The name Wally Amos might not ring a bell today, but fact is his legacy undeniably remains. Although he eventually lost ownership and the right to use the catchy name, this black entrepreneur is the face behind the irresistible famous Amos cookie brand we enjoy today.
Born on July 1, 1936, in Tallahassee, Florida, Wally first followed through with a four-year stint in the U.S. Air Force, after which he returned to New York in 1957 and proceeded to work in the stock room at Saks Fifth Avenue, and the mailroom at the prestigious William Morris Agency. In 1962, Amos became the first Black talent agent in the history of the William Morris Agency. In 1967, Amos left William Morris and moved to Los Angeles, but struggled to set up his own personal management company, so he took comfort in baking chocolate chip cookies.
In 1975, he opened the first Famous Amos store, but after a decade of success, mismanagement forced him in 1998 to sell his brand to #Keebler who kept Amos as the spokesperson.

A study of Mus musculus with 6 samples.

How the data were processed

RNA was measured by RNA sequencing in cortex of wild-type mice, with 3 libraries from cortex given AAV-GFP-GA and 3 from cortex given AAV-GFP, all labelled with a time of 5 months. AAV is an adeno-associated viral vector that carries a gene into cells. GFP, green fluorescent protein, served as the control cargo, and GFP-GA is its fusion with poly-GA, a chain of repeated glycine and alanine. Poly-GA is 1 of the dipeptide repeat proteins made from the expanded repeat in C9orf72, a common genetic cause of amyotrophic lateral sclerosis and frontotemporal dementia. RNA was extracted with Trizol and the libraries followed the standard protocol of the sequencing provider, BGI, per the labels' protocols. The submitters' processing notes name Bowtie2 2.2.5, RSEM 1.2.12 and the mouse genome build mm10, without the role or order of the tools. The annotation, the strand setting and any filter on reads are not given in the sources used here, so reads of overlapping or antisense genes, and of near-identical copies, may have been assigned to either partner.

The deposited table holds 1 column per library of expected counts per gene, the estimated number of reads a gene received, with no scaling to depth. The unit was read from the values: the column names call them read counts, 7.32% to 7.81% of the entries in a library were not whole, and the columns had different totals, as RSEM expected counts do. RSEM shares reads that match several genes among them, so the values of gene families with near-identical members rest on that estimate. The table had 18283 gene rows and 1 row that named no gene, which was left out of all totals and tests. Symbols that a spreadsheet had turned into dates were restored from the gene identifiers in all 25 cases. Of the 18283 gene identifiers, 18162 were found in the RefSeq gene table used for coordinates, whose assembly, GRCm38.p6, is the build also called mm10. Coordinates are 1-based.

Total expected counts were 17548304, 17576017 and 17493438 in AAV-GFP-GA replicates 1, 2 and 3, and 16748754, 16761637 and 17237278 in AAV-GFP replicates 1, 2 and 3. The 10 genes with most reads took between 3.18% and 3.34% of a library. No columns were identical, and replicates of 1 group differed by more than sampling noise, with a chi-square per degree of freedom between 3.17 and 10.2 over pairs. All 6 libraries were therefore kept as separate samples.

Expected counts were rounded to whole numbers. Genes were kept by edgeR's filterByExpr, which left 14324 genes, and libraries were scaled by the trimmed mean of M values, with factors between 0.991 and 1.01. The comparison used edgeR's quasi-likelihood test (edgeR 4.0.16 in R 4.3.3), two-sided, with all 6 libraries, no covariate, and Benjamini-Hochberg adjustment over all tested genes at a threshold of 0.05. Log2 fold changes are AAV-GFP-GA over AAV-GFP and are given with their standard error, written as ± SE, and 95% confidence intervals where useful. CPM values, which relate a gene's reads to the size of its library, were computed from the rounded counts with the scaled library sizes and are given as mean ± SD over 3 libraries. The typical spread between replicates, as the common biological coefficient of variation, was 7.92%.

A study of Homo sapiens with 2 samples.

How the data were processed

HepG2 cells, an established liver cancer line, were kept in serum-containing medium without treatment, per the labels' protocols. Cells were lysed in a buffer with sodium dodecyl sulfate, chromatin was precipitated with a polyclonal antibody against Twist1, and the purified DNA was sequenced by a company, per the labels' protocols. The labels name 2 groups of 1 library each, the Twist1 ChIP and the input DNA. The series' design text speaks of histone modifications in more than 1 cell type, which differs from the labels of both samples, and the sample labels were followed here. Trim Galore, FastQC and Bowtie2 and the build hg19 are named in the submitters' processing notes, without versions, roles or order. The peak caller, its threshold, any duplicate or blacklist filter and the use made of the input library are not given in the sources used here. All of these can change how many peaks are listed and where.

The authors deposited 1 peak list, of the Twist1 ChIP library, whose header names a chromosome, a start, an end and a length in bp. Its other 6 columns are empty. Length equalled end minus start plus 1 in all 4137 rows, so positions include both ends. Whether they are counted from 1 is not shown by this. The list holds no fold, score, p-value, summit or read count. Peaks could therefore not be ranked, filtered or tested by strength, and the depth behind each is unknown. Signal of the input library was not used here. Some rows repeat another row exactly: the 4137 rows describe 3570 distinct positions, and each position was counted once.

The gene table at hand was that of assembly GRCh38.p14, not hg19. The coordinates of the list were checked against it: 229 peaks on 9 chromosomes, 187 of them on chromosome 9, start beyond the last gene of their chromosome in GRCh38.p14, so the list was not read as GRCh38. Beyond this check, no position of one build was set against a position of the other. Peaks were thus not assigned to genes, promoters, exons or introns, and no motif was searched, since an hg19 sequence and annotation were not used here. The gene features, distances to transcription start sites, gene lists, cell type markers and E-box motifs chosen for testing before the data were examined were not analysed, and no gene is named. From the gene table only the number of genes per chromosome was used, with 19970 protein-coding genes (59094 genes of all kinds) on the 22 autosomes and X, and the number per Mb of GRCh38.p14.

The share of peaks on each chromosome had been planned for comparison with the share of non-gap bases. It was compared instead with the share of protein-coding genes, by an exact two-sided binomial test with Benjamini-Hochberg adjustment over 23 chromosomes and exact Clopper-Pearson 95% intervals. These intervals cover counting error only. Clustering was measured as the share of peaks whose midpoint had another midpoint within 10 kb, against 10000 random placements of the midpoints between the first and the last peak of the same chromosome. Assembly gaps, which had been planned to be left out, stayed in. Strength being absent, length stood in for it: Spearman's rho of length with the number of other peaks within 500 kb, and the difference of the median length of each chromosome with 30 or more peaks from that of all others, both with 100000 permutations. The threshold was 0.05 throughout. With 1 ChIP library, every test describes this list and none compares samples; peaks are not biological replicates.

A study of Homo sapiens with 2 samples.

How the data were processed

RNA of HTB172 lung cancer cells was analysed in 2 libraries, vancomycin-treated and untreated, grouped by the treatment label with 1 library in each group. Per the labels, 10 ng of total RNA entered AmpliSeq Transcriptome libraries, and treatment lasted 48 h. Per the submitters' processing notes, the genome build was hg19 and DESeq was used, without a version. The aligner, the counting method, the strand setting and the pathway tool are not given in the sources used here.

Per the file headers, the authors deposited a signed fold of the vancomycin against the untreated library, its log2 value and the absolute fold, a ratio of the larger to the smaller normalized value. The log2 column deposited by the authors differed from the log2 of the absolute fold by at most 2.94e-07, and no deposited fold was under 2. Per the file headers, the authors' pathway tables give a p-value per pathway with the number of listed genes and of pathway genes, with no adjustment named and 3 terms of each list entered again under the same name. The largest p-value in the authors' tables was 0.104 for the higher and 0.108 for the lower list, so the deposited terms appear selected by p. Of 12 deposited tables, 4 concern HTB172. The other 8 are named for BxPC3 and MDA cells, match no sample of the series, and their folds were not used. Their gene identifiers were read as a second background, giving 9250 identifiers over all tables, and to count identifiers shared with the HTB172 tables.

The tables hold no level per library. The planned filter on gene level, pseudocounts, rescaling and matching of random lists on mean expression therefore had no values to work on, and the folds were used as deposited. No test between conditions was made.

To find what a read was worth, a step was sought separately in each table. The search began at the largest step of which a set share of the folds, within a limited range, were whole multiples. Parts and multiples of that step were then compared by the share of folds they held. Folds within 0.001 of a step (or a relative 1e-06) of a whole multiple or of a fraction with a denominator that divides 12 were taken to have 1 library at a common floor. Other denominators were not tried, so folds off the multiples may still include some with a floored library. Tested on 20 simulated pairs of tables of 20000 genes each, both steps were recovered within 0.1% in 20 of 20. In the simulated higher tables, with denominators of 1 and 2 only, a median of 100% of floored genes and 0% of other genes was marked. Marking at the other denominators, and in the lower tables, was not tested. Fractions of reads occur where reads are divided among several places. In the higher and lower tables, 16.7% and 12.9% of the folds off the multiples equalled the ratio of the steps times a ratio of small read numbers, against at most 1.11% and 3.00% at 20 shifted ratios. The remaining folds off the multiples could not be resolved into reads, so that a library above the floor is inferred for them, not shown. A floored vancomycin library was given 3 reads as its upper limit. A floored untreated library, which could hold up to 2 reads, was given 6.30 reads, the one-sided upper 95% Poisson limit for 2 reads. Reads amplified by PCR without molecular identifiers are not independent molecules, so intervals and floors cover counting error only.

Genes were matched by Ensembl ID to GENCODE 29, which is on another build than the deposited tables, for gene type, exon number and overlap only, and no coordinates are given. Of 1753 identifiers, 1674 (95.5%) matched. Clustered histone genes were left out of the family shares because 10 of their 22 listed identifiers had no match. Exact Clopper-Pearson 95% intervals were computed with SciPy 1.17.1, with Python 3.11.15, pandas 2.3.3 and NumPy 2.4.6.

After several attempts to launch his brand again and being sued today, he runs a modest cookie shop in Hawaii as proprietor of Chip & Cookie in Kailua and has taken to muffins. He isn’t only known for baking but has poured into powering literacy and philanthropy.
According to Amos, the Famous Amos cookies sold today by Kellogg Co. are unlike his cookies, which had lots of chocolate, real butter, and pure vanilla extract.
“You can’t compare a machine-made cookie with handmade cookie. It’s like comparing a Rolls Royce with a Volkswagen,” he said.
However, Kellogg spokeswoman Kris Charles said the company has not significantly changed the original recipe since it acquired Famous Amos in 2001, as part of Keebler. However, Famous Amos was previously owned by several other companies, she said.